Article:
Sophie Fairall aged nine, was diagnosed with rhabdomyosarcoma in September last year – a rare type of cancer that forms in children’s soft tissue like skeletal muscle.
Now, she has been told that her condition is terminal, and has anywhere between one and six months left to live.
She is pushing through a bucket list that includes feeding penguins, cooking with Gordon Ramsay and meeting singer Olivia Rodrigo.
Sophie’s mum, Charlotte, is amazed by her daughter’s resilience and maturity – showing a wisdom beyond her young years.
She said: ‘We’ve had a lot of conversations with her. She knows what is going on and what it means, but wants to focus on taking each day as it comes.
‘Sophie is honestly just incredible. She is still going to school regularly and is so full of energy, every single day.
‘You look at her and it’s hard to believe she’s dying.’
Initially, doctors believed that Sophie’s stomach pains were down to irritable bowel syndrome (IBS) or food intolerance.
But after doctors found a lump that had to be removed, they discovered parts of a tumour that could not be removed.
Most of Sophie’s bucket list has already been completed or is lined up – and she is particularly looking forward to cooking with Gordon Ramsay.
The nine-year-old is excited to show the celebrity chef her scrambled egg recipe.
She also wants to spend a day ‘as an adult’, driving to work, cooking dinner when she gets home and cleaning the house.
Tesco, Morrisons and Cineworld have all offered her shifts, according to mum Charlotte.
The only outstanding items on Sophie’s bucket list are visiting Australia and meeting Olivia Rodrigo.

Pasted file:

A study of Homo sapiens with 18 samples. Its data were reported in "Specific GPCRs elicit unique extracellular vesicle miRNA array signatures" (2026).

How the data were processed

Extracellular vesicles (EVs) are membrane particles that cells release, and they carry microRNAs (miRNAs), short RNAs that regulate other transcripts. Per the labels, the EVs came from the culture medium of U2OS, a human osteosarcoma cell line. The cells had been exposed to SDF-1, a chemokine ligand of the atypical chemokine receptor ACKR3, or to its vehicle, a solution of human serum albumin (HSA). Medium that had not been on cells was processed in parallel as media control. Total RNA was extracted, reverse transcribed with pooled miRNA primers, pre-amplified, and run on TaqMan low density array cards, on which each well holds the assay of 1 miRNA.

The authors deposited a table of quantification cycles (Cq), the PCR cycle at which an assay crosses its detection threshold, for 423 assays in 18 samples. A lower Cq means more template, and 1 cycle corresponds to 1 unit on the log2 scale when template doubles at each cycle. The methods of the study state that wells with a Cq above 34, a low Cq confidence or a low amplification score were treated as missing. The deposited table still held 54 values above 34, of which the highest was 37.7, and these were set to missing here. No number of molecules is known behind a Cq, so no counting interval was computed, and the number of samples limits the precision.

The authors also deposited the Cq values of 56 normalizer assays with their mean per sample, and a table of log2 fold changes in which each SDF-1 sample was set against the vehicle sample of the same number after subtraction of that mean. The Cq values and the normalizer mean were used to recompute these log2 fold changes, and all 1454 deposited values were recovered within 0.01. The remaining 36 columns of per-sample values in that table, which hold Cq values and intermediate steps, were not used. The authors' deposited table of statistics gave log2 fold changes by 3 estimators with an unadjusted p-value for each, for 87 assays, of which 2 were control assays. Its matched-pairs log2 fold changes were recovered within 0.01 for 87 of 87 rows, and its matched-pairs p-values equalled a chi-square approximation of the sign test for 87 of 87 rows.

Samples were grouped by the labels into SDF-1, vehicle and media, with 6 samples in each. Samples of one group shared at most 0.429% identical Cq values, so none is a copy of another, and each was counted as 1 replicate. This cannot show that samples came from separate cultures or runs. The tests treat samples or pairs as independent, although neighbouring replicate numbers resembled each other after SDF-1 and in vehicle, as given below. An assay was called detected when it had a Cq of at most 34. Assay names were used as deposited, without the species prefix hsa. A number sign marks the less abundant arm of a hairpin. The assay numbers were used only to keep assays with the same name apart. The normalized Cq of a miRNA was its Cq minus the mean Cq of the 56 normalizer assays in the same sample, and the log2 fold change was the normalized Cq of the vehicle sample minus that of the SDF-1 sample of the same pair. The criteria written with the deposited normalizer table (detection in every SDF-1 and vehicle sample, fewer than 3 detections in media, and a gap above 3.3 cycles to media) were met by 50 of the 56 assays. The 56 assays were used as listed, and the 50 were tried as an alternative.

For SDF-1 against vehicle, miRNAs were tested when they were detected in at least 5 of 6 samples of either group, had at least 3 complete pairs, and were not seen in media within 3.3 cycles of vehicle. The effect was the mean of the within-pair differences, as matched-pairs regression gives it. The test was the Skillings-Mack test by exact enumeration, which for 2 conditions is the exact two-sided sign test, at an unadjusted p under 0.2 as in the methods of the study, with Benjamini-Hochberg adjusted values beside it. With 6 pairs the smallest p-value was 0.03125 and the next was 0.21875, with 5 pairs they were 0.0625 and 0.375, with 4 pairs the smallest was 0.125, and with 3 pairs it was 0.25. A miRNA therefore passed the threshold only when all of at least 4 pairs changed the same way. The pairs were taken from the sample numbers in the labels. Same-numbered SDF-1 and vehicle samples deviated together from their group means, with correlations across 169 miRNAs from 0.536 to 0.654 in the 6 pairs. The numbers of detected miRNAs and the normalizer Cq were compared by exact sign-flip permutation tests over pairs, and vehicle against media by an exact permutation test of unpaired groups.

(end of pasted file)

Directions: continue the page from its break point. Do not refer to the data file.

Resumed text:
But the youngster also wants to bring about real change in the healthcare system she has become very familiar with.
Charlotte said: ‘From being in hospital so many times – both in Portsmouth and Southampton – there are a few things she has noticed and would like to help change.
‘Sophie wants hospital food to be improved, and for parents to be fed when they’re in with their children.
‘At Southampton General Hospital, they have a play specialist but it’s only Monday to Friday, so she’d love to see that become a seven-day position.’
The family is also fundraising for Alice’s Ark – the only charity that specifically researches rhabdomyosarcoma.
At the time of printing, the family has raised more than £46,800, split between completing Sophie’s bucket list and donating to the charity.
‘We honestly cannot thank people enough for their support,’ said Charlotte.
‘From the mainstream charities only five per cent of the money goes towards research into children’s cancers, so we wanted to donate to one that directly helps people like Sophie.’
Natalie Mansbridge, who lives near Stonehenge, is sister to Charlotte, aunt to Sophie, and a mum of one.
She said: ‘We posted the bucket list on the Sophie’s Journey Facebook page, and we’ve practically fulfilled it.
‘We’ve had a fantastic community response with everyone helping, lots of people have donated.
‘Andy Vaughn, a close friend of the family, is trying to work through them all, and he’s getting a timetable for all the events.
‘Thank you to the entire Stubbington area, they have been amazing.
‘We can send her off in style.’
Natalie says that the family is very close and the news of Sophie’s terminal diagnosis has been devastating.
She said: ‘It was a massive shock. You don’t ever expect to hear children are going to die, especially one that’s so lively and active and funny.
‘She’s the life and soul or any party and event, she’s always smiling.’
Now the family are hoping to raise funds to help other children with cancer.
Natalie said: ‘What would really be appreciated – there’s such a lack of research into children’s cancers and Sophie’s cancer, and what would really be appreciated is support for the fundraising.
‘We’re trying to raise money for Alice’s Ark which is a charity that researches into the specific cancer that Sophie has. We want to get a legacy for Sophie.’